As a teenager, a lady named Melody always got onto my case for my generally dour, scowling disposition.
“Well hey there, smiley,” she’d tease.
I endured it, stoic and unmoved.
After all, I believed my stone-faced gravitas to be a strength.
I wasn’t “friendless,” I told myself. Nor was I lonely, no, I merely stood above the fray, in my own rarefied air, savoring not the shadows of Plato’s cave, but the enlightened tenets of introspection, culture, distantiating as a thoughtful young man, whose companion would be contemplation.
Also, I was thirteen years old, and an idiot.
At the time, I was aware my life and way of thinking was different, even if not quite defined as The Life Autistic.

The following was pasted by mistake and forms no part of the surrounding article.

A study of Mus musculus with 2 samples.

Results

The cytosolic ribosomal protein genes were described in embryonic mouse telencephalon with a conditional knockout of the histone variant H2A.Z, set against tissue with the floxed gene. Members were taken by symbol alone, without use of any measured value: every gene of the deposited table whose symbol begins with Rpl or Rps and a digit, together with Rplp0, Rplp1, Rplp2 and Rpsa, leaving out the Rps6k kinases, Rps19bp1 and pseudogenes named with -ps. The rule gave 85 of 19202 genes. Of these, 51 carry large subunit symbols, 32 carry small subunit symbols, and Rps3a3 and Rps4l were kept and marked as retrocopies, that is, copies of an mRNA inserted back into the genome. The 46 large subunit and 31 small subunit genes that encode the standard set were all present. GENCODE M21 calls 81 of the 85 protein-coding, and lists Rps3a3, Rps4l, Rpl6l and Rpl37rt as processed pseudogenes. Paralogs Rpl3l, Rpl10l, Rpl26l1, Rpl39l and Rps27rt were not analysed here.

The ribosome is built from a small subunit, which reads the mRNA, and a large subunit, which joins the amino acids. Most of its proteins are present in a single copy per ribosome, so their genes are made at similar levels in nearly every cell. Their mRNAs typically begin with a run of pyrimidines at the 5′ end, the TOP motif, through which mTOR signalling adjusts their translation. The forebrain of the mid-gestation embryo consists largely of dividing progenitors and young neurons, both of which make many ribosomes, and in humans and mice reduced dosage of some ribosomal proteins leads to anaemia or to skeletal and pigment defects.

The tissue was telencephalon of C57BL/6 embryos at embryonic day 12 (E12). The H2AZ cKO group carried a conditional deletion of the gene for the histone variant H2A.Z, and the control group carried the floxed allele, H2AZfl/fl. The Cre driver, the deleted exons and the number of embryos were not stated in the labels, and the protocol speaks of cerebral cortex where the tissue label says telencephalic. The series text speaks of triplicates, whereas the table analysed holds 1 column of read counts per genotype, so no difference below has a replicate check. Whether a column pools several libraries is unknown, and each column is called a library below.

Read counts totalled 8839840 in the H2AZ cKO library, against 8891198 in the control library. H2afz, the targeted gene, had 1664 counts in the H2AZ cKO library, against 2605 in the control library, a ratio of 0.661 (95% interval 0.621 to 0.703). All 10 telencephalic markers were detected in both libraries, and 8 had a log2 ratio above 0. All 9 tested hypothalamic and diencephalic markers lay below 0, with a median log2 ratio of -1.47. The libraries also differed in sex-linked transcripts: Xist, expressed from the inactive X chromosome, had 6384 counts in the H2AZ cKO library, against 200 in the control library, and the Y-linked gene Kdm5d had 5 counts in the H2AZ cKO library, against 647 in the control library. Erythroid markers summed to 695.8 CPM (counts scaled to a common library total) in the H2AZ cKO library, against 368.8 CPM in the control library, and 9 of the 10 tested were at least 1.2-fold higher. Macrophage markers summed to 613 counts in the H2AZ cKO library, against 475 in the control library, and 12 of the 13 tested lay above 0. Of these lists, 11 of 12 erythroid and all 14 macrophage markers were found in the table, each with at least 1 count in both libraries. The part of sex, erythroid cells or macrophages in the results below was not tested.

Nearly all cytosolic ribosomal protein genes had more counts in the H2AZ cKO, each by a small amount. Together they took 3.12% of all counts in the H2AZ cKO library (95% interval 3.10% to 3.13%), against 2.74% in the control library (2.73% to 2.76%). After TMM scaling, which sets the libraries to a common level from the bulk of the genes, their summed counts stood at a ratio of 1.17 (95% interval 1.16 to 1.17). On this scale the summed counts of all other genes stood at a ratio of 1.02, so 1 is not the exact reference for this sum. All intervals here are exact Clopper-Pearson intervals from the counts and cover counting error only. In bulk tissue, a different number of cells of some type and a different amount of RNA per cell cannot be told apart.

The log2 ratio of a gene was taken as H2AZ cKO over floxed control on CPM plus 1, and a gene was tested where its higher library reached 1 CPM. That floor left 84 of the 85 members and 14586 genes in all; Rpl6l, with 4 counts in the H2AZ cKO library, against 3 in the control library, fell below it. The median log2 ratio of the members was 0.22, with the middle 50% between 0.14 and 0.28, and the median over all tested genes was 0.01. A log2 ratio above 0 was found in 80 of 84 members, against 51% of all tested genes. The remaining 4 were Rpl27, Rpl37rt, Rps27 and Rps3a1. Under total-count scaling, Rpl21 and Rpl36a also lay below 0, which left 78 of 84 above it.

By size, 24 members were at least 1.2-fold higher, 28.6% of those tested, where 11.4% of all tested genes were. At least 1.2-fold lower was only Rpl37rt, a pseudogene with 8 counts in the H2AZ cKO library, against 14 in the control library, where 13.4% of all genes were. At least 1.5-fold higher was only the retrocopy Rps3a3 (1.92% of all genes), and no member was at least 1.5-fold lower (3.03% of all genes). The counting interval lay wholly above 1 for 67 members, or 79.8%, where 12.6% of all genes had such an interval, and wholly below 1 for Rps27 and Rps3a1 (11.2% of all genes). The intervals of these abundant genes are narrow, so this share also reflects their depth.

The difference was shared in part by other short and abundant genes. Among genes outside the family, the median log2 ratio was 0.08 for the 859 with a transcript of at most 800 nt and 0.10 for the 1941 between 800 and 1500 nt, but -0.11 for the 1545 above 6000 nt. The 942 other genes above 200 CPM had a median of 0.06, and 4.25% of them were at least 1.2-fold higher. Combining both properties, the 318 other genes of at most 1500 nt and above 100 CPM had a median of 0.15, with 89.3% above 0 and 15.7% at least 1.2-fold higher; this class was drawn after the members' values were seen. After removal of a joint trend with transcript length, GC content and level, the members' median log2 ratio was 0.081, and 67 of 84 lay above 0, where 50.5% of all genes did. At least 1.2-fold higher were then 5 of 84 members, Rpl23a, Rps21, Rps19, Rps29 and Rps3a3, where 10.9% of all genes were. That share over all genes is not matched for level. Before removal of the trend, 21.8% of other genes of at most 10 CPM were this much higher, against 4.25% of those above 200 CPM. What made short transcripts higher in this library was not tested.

If I couldn’t smile the way others did, I thought I could mold myself into some mysterious figure, whose intrigues would lead to curiosity or whatever.
I wanted to embrace a cold difference and try to find warmth.
But as much as I wanted to lean into my grave persona, I couldn’t undo the fact that I’m human in the end.
I began to smile back.
Just to do it.
To spite my dyspeptic soul and crack open to the sun.
There are times I think back to Melody. She didn’t have to bother cajoling me. After all, I was a glum, dour kid on the outside. A simple “Hello, Hunter” would have sufficed for her, as it does for many.
I don’t know what became of her.
Her health didn’t seem that great. She may have had a sister with spina bifida, as I remember learning about it from her. She would tear up when talking about the disease, how she was affected by it, where she’d campaign for awareness in small ways.
But she chose to smile.
Even at its hardest, I can choose a smile too.